An affected person may need to get the locks changed to ensure that they are secure and safe in their rented home.

Do you need the landlord’s consent?

The affected person can change external door or window locks without the landlord’s consent if:

  • they have a family violence safety notice or intervention order that excludes a tenant from the address, or
  • the affected person’s name is on the lease (and the perpetrator is not on the lease), and the locks are not part of a master key system (one master key that opens many locks). If you’re not sure if there’s a master key system, it’s best to check with the landlord or agent before you change the locks.

The affected person must get the landlord’s consent before they:

  • change locks that are part of a master key system (one master key that opens many locks) if they do not have a safety notice or intervention order, or if the safety notice or intervention order does not exclude a tenant from the address; or
  • add any other safety features, such as deadlocks, security screens, sensor lights or alarms. The landlord’s consent should be in writing and it should be clear that the protected person does not have to remove the safety features when they leave, otherwise the protected person may have to pay to have the safety features removed when they leave.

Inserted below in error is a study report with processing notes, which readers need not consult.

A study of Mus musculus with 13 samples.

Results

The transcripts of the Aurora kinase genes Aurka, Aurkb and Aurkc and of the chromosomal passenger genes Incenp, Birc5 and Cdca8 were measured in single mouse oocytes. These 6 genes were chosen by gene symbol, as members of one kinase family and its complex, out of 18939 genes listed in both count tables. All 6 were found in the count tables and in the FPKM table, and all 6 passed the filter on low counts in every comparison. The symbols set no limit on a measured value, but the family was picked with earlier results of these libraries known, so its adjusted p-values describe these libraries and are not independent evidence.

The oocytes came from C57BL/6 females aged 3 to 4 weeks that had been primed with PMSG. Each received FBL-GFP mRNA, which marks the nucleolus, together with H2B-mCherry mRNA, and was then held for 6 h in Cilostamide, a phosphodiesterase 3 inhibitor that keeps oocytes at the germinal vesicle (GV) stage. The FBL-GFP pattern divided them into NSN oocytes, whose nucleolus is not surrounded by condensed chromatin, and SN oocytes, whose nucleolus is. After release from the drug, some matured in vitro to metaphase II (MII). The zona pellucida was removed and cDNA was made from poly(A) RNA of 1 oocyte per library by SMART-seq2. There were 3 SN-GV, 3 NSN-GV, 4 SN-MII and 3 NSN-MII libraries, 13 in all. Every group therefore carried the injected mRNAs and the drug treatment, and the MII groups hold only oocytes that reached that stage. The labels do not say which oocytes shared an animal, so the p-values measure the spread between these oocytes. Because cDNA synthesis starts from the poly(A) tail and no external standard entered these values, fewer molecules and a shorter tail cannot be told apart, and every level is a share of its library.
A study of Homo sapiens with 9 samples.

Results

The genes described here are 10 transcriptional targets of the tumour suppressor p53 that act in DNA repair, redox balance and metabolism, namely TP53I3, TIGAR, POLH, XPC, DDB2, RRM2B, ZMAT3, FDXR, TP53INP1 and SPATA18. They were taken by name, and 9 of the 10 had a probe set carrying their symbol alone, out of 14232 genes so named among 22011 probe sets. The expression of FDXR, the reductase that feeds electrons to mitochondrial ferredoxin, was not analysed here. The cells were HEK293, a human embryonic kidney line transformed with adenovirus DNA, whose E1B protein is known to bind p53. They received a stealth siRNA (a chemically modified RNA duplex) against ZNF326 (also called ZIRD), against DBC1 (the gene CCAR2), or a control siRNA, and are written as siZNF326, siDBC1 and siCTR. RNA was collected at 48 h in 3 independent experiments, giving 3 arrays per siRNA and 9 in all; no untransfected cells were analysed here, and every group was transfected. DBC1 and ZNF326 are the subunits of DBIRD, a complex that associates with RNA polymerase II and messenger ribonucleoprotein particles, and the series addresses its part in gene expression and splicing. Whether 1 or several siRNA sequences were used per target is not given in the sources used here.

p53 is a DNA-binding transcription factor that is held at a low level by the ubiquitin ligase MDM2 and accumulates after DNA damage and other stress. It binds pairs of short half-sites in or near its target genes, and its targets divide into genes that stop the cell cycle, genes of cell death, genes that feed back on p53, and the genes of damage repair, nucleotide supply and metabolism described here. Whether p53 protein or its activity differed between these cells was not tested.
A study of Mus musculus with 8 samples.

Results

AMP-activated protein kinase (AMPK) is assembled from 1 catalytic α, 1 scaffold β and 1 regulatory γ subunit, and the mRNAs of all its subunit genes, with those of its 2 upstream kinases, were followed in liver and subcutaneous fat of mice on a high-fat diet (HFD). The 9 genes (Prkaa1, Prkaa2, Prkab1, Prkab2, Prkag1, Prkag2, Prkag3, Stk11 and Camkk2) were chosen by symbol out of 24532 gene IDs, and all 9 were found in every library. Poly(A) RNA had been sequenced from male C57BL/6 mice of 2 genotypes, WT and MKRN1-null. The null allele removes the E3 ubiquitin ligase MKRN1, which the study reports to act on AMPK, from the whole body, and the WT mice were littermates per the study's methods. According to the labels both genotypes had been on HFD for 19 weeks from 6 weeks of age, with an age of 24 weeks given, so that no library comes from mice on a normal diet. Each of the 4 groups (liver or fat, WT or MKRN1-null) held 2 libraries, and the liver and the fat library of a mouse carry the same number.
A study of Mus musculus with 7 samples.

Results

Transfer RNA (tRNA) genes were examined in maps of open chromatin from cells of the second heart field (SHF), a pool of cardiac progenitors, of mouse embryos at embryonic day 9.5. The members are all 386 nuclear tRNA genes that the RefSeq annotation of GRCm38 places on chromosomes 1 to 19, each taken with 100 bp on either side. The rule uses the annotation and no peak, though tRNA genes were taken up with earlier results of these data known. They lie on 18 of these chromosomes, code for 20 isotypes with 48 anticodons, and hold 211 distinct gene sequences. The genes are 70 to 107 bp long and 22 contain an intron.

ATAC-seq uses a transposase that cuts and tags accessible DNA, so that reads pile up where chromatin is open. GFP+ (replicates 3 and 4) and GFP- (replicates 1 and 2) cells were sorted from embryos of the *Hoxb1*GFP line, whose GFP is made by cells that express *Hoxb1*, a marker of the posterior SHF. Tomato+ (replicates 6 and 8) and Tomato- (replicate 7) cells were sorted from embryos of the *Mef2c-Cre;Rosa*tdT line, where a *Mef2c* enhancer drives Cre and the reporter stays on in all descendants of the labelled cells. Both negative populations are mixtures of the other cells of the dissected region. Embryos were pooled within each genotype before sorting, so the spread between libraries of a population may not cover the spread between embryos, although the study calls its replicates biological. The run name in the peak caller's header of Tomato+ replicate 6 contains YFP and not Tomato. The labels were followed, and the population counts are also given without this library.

What if the affected person is not on the lease?

If the affected person has a family violence safety notice or an interim or final intervention order that excludes a tenant from the address and they consider the rented housing their main home, they can get the locks changed even if their name is not on the lease.

Who gets the new keys?

Landlord or agent:

  • If the affected person changes the locks, they must give a copy of the new keys to the landlord or agent as soon as possible.

Tenants:

  • If the affected person changes the locks, they must give a copy of the new keys to the other tenants as soon as possible.

Perpetrator:

  • If the perpetrator has been excluded from the property in a family violence safety notice or intervention order, the affected person does not have to give them a copy of the new keys even if the perpetrator’s name is on lease.
  • If the perpetrator’s name is on the lease and they are not excluded from the rental property by an intervention order or safety notice the affected person must give them a copy of the new keys.
  • If the perpetrator’s name is on the lease and they are no longer excluded from the rental property because an intervention order or safety notice has ended, the affected person must give them a copy of the new keys.
  • The landlord or agent must not give a key to the perpetrator if the affected person has given the landlord or agent a certified extract or a copy of a family violence safety notice or intervention order that excludes the perpetrator from that address.

Privacy regarding the intervention order or safety notice

  • The landlord must not give a copy of the intervention order or safety notice to anyone except the landlord’s agent or legal representative.
  • The landlord’s agent must not give a copy of the intervention order or safety notice to anyone except the landlord or landlord’s legal representative.

Paying for the new locks

If the affected person lives in public housing, DHHS might pay for the locks to be changed. See Changing the locks [public housing].

The law

Locks: Section 70, Residential Tenancies Act 1997 [AustLII website].
Locks and intervention orders: Section 70A, Residential Tenancies Act 1997 [AustLII website].

This information is a guide only and should not be used as a substitute for professional legal advice.